This post is part of our new Shutdown Stories series, documenting the impact of internet disruptions on people’s lives around the world. If you have experienced an internet shutdown, please tell us how it affected you.
Cameroon President Paul Biya has been in power for more than 30 years, but he evidently understands the evolution of new communication technology — and fears it. Since October 1st, his administration has undertaken yet another attempt to quell protests in Cameroon’s Anglophone (English-speaking) Northwest and Southwest regions by interfering with internet communications, this time by cutting access to widely used communication platforms such as WhatsApp and Facebook Messenger. The protesters are demanding an end to discrimination and marginalization by Cameroon’s Francophone (French-speaking) majority. Cameroon’s constitution guarantees equal status for the both linguistic groups, but in practice, the government imposes French through courts, schools, and other public institutions.
This is the second time the government has ordered a shutdown this year, and it’s happening even after an official explicitly promised not to interfere with internet access. Worse, Amnesty International is reporting that the military has killed at least 20 people so far during this period of civil unrest. This is another demonstration that internet shutdowns do not restore order, keep people safe, or protect rights. They obscure human rights violations and make it harder to document and share the facts. Three brave people in Cameroon used our Shutdown Stories form to tell us what is really going on under the cover of the shutdown.
“I’m unable to reach my relatives, who are fleeing from their home.”
@AdeolaFayehun this is what is happening as internet shutdown again in #SouthernCameroons #Cameroon pic.twitter.com/9WU2fqiBSp
— prowallace (@wallace51259331) October 2, 2017
Myra is a 26-year-old businesswoman who took care in writing her story, but didn’t want to share her last name or a photo. Reading her story, it’s not hard to guess why:
“I’m unable to reach my relatives. They last contacted me on the 1st of October to say they were fleeing our home in Bamenda. The Cameroon military forces invaded our family home and started beating, shooting, and maiming people. I am a very compassionate person, and this shutdown has had a big effect on me.”
“We are afraid of losing credibility with our partners and readers.”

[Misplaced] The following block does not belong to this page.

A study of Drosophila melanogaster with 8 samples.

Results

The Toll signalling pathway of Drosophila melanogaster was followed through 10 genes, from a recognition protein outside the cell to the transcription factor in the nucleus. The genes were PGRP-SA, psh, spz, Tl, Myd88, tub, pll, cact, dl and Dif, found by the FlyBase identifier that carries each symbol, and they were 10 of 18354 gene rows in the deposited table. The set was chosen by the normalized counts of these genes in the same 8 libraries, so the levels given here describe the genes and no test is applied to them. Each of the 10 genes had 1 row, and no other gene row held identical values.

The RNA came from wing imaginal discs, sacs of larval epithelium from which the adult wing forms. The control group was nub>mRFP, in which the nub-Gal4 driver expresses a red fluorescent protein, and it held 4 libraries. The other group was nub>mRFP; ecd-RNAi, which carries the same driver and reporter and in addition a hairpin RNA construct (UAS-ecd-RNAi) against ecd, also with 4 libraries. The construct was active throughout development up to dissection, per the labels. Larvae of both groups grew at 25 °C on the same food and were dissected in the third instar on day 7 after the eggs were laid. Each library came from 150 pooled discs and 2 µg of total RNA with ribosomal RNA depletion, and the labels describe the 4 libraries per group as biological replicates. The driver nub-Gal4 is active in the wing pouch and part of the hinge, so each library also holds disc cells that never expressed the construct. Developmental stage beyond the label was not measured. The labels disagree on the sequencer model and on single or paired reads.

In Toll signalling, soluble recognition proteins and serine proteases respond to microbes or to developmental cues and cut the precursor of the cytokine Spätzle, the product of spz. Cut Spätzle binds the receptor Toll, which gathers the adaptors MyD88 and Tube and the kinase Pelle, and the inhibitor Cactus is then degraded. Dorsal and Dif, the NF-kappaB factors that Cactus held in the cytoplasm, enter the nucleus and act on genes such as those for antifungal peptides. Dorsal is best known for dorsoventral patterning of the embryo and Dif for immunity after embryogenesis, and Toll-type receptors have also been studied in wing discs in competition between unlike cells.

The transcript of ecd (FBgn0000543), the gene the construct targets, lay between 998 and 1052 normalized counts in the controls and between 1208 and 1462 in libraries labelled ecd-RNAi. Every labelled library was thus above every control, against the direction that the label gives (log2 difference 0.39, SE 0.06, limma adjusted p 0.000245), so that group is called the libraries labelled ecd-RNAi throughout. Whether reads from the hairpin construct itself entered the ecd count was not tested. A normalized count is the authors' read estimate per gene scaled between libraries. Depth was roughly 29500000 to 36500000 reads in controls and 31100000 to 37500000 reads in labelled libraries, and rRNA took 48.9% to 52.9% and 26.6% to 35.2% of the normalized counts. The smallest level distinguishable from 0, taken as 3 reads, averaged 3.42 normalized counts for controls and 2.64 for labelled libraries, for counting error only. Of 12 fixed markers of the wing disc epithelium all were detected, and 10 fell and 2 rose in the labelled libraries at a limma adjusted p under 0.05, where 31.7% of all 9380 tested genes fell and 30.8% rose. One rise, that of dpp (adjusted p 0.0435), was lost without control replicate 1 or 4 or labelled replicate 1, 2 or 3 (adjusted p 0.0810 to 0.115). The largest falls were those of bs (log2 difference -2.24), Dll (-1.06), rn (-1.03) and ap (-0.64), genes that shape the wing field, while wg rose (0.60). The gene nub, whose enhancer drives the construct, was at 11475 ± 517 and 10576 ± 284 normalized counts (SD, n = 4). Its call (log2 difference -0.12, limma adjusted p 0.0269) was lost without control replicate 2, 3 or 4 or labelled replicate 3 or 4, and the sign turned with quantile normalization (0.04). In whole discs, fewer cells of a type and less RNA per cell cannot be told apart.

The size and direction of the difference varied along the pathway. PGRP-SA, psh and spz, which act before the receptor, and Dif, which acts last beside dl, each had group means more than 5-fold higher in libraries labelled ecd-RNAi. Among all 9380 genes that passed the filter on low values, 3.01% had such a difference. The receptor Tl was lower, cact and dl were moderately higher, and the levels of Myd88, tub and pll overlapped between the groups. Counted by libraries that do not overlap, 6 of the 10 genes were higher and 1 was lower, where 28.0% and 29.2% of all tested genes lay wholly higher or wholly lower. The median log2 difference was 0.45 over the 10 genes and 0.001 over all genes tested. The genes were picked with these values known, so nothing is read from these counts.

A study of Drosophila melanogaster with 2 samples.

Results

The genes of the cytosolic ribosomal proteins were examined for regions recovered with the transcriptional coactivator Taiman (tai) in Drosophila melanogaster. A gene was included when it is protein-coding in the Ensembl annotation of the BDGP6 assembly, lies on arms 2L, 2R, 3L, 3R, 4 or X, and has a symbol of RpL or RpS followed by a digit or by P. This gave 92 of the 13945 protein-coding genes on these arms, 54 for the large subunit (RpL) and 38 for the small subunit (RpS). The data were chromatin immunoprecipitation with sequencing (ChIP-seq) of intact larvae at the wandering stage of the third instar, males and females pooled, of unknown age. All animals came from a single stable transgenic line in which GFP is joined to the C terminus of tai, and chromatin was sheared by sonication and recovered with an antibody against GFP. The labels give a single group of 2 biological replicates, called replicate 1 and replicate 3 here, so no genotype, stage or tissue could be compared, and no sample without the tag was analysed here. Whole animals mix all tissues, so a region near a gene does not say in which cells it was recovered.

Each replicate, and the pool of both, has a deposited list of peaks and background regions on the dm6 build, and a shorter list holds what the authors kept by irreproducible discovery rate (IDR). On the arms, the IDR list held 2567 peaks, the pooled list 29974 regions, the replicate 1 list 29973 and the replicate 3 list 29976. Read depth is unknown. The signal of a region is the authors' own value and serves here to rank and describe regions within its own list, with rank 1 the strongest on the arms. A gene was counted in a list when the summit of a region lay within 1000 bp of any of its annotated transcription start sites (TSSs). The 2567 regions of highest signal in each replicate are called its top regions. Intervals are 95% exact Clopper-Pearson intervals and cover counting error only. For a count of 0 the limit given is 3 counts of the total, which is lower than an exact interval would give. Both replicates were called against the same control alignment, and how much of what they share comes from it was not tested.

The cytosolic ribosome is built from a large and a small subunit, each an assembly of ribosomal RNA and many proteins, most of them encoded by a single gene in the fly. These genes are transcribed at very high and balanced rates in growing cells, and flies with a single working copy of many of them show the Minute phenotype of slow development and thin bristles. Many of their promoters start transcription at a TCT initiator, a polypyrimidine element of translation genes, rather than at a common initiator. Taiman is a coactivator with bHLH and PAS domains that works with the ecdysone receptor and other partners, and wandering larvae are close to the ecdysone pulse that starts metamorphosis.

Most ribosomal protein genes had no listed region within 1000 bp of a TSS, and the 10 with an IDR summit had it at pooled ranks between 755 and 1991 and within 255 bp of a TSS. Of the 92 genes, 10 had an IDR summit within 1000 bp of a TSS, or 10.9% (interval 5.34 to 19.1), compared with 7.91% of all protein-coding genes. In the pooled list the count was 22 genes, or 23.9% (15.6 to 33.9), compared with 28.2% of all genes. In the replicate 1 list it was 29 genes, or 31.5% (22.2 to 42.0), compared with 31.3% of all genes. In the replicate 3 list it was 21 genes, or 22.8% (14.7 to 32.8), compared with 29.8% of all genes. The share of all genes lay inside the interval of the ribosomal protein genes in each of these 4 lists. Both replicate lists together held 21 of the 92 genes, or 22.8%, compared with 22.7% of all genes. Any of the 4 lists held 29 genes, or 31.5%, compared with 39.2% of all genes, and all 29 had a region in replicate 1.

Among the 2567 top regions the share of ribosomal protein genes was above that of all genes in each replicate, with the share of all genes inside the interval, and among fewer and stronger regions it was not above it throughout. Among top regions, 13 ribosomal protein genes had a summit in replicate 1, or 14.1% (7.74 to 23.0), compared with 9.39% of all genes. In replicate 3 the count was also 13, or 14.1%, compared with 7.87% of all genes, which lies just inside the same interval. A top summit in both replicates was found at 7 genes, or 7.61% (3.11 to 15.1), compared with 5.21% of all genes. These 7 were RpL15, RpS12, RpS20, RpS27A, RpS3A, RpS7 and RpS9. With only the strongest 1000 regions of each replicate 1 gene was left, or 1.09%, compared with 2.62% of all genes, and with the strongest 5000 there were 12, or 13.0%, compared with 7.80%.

Cameroonian civil society organizations are adept at working creatively under difficult conditions, but the internet shutdown has hit them hard. Paul-Joel Kamtchang told us about the difficulties his team faces at Data Cameroon, which fosters a free society by supporting journalism and open data:
“Our contacts in the Northwest and Southwest regions have not been able to monitor the situation on the ground or report the difficulties journalists are facing. It has been really painful and we are afraid of losing credibility with our partners and readers.”
You can help
Even in countries where not as many people have access to the internet, it’s a vital tool that individuals and organizations rely on to stay in touch with loved ones, build their livelihoods, and engage in democratic discourse. It’s also crucial to the economy and development; shutdowns are causing substantial losses to the economy, a grave injustice in a country where millions live on less than two dollars a day. When a government attempts to quell protests by clamping down on free expression, it can easily backfire, driving even more people into the streets to get their voices heard. Everyone in Cameroon has a right to express themselves, and to access and impart information, whether online or off. That right must be protected.
If an internet shutdown changed your life, you may be able to help us stop them
We welcome submissions of personal stories through our web form (available in multiple languages), or via email to [email protected] (PGP public key: 2869 76FD FDE8 AD96 A461 F05F D6FD 9F01 FF9D 6041).
About the #KeepitOn campaign
The #KeepitOn campaign consists of 143 organizations from 60 countries that are devoted to fighting internet shutdowns. Since we launched the campaign at RightsCon Silicon Valley in 2016, we’ve seen major victories: the U.N. Human Rights Council condemned internet shutdowns; 30 governments of the Freedom Online Coalition spoke out against shutdowns, as have the GSMA, the Global Network Initiative, and the African Commission on Human and Peoples’ Rights. And, together with local activists, we have helped to end major internet shutdowns in Cameroon and Gambia.
Image credits: Valienté, Paul-Joel Kamtchang. The submitted stories have been edited for clarity and style, but their content has not been changed.